Join our email list for chat about movies
 - send a blank message to CineMania

In Association with  
In Association with
The Zone SF
action heroines of film and TV
helicopters in movies
VideoVista is published by PIGASUS Press

copyright © 2001 - 2002 VideoVista
December 2002                                          SITE MAP   SEARCH
The Business Of Strangers
cast: Stockard Channing, Julia Stiles, and Frederick Weller

writer and director: Patrick Stettner

84 minutes (15) 2001
widescreen 16:9
Momentum DVD Region 2 rental
Also available to rent on video

RATING: 7/10
reviewed by Emma French
Many films try to be stylish and clever, far fewer succeed, but The Business Of Strangers generally hits the mark. What this elegantly written drama lacks in suspense it compensates for in its claustrophobic look and mood. With a tiny cast, the film focuses on the intellectual and emotional conflict between two women. It opens with the uber-successful, hard-nosed Julie Styron (Channing) sacking her new technical assistant Paula (Stiles) for ruining a key presentation by turning up late. When they meet by chance later in a hotel bar, the apology Channing proffers leads to a bizarre evening of revelations.
   Demonstration of the two women's bonding allows for some very lazy pacing in the middle portion of the movie, with lots of sauna, running machine and bar scenes that resemble fitness centre ads rather than a feature film. Fortunately, as the plot twists entangle, the pace also quickens.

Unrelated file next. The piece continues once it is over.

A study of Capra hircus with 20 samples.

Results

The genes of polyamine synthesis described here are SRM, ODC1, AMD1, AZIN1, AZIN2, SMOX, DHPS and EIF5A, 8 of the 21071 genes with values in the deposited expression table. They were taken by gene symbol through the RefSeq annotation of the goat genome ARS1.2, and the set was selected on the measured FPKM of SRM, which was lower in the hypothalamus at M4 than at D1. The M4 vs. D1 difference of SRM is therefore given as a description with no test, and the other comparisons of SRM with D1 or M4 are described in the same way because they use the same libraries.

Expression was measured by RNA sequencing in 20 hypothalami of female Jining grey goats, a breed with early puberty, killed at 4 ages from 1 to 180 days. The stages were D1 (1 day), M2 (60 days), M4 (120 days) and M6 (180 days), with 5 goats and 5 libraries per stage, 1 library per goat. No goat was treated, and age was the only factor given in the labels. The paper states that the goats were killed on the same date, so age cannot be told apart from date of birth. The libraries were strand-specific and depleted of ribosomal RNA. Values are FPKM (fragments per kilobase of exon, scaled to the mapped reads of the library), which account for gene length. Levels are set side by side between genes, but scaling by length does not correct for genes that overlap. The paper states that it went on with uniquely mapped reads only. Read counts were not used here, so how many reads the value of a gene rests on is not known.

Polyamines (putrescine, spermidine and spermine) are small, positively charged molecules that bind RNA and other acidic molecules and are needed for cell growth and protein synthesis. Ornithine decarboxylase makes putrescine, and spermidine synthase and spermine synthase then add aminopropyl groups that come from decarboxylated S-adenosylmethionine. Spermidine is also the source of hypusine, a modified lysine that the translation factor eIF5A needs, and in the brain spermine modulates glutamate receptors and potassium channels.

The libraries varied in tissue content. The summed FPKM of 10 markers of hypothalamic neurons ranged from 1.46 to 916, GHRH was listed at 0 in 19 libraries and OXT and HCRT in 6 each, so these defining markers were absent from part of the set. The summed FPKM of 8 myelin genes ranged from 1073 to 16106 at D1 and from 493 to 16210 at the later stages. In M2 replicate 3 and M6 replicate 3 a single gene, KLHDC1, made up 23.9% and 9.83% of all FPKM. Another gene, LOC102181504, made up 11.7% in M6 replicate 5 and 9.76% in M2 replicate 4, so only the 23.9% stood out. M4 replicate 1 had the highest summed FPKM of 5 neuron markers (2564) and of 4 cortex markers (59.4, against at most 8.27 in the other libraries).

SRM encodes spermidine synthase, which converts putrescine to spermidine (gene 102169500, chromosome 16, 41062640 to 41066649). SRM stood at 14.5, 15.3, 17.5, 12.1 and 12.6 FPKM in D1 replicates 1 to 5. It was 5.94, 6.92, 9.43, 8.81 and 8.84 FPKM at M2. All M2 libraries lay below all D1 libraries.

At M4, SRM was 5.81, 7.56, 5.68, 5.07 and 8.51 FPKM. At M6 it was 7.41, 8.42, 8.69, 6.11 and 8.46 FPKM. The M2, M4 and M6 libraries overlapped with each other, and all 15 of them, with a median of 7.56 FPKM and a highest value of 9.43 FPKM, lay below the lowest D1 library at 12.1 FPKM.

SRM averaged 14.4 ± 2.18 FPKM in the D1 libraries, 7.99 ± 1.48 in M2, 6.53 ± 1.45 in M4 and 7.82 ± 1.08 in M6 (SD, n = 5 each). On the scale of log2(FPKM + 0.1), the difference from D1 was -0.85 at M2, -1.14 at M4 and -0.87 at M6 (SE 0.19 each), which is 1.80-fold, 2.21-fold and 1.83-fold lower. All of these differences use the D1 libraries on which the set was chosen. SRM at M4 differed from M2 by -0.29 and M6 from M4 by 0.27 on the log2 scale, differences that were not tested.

Stockard Channing looked 30 when she made Grease several decades ago but only looks about 40 now. An actress of unerring quality, she raises this film above the mundane with a varied, subtle, and completely convincing performance. Her expressive features are perfect for Styron's tough but tender reluctant, lonely CEO character. Channing exudes intelligence, and suits dramas that investigate human behaviour and deception, also evidenced by her role in Six Degrees Of Separation. It is part of the appeal of The West Wing that it has brought Channing, and that other talented woman-of-a-certain-age Allison Janney, into the thespian mainstream.
   Julia Stiles undoubtedly has range as the enigmatic Paula but has to grapple with some wooden dialogue. Her bratty cod-psychology does not always convince, and Stiles' rushed delivery emphasises the verbose implausibility of her set piece speeches. She was much better as the silent, watchful Ophelia in Michael Almereyda's 2001 Hamlet. Still, her disconcertingly deep-voiced, dimpled appeal is undeniable. A stereotypically sleazy headhunter provides the testosterone and a silly did he/didn't he rape her sub-plot.
   At times this movie proffers the idea that women who sacrifice family for career are tragic, at other times it valorises Channing's struggle to the top. Perhaps all the better for failing to be a message movie, it nevertheless leaves you uncertain whether you empathise with any of the characters by the end. Though the journey is better than the conclusion, this is an intimate, thought-provoking film that suits the small screen.